This is an archived article that was published on sltrib.com in 2005, and information in the article may be outdated. It is provided only for personal research purposes and may not be reprinted.

Henry spent much of her long life working to help Utahns, especially those disadvantaged by low income and racial discrimination, to get an education and a shot at realizing their dreams. She died Wednesday at the age of 84, having grown from poverty and a job keeping house to recognition as a pioneer in education and community activism.

A daughter of a sharecropper who had been born a slave, Henry came to Utah in 1949 on her own and stayed, as she put it, because "the Lord wanted someone to come out here and help." And that is exactly what she did. Starting with nickel and dime donations, she eventually established the Alberta Henry Education Foundation in 1967 that has helped hundreds of disadvantaged students obtain college degrees.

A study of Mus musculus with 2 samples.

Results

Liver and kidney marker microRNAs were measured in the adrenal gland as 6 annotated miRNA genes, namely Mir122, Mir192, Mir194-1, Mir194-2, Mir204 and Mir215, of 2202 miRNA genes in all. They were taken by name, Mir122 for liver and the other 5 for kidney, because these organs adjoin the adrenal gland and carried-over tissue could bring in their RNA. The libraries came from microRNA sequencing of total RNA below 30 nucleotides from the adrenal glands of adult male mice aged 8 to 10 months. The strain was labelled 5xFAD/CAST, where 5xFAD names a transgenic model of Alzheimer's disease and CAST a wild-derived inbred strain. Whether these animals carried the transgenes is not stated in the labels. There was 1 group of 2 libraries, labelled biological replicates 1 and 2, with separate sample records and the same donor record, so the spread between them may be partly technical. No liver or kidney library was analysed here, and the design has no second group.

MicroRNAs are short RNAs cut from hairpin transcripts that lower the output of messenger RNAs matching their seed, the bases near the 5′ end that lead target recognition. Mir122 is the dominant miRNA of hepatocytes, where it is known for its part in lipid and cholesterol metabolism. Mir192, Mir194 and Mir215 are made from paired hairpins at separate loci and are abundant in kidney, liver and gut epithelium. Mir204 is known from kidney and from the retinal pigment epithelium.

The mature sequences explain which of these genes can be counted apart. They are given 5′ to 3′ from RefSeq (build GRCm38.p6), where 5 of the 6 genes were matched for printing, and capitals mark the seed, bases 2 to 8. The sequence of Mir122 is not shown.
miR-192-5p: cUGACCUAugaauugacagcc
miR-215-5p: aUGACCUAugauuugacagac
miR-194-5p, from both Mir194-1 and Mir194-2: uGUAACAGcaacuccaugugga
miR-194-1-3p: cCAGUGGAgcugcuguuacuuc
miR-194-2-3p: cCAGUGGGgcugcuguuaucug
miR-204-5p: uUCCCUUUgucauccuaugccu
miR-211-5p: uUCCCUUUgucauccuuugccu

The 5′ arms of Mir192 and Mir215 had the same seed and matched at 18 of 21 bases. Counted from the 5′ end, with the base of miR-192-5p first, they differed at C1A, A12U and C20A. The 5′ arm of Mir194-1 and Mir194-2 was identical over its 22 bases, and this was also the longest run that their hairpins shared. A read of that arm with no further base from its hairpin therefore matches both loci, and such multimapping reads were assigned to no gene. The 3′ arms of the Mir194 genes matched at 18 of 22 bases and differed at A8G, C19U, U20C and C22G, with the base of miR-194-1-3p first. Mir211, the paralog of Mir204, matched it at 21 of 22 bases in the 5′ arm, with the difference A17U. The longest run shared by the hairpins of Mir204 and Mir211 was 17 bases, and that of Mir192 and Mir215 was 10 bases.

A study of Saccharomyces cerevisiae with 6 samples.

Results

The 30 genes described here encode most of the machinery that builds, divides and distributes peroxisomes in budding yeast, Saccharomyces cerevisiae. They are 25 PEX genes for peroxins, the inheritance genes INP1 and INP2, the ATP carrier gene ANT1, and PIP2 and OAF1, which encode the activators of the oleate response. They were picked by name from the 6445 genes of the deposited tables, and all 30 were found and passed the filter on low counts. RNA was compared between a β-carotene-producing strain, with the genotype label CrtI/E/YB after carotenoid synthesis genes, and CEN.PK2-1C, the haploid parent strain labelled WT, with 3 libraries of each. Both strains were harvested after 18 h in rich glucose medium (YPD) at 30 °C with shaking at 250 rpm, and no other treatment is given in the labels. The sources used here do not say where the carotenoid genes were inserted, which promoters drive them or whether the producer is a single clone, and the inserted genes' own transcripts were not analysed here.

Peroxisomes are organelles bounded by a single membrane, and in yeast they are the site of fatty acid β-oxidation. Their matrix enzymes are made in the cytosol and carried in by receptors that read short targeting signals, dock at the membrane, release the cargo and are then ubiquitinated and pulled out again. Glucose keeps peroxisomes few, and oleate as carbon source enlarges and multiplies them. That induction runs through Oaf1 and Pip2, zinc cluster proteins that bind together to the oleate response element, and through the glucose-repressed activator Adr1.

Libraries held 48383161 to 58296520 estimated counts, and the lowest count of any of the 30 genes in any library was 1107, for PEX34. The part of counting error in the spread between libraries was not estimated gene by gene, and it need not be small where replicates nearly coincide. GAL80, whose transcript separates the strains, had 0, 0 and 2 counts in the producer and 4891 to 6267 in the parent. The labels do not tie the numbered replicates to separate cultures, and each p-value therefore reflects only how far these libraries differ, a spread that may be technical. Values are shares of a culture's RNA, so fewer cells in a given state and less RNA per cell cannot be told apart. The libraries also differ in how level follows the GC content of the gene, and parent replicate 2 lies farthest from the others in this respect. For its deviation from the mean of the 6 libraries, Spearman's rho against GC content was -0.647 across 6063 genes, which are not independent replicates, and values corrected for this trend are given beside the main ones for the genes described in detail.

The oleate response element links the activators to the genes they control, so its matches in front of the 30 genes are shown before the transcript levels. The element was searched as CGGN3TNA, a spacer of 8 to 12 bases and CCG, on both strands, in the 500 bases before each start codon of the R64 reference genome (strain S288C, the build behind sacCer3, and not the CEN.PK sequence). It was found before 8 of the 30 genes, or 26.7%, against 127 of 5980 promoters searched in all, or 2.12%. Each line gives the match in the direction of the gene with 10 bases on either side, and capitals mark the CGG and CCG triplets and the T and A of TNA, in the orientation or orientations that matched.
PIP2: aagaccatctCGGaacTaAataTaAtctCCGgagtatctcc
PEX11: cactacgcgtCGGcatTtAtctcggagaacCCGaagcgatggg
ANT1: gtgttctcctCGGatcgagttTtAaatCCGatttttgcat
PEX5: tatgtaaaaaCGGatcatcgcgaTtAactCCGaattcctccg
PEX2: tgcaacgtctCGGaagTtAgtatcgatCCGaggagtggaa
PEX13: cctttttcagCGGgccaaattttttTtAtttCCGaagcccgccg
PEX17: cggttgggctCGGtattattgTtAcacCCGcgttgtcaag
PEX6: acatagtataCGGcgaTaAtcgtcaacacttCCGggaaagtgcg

A champion of education as a way out of poverty, she started working as a teacher's aide at a Head Start center in 1967 and graduated from the University of Utah with a degree in education in 1980.

She retired in 1986 from the Salt Lake School District, where she had been an administrator, minority consultant and community relations coordinator. Her talent for getting people together to solve problems was put to notable use during her 12-year stint as president of the Salt Lake chapter of the National Association for the Advancement of Colored People.

Henry was known for her outspoken dedication to seeing that folks with no voice in the corridors of power were treated with fairness and dignity. She was a mentor for many community leaders, both black and white, who remember her as a strong woman who breeched the barriers of race in predominantly white Utah.

Utah will miss the sage advice and optimism that defined Alberta Henry's life.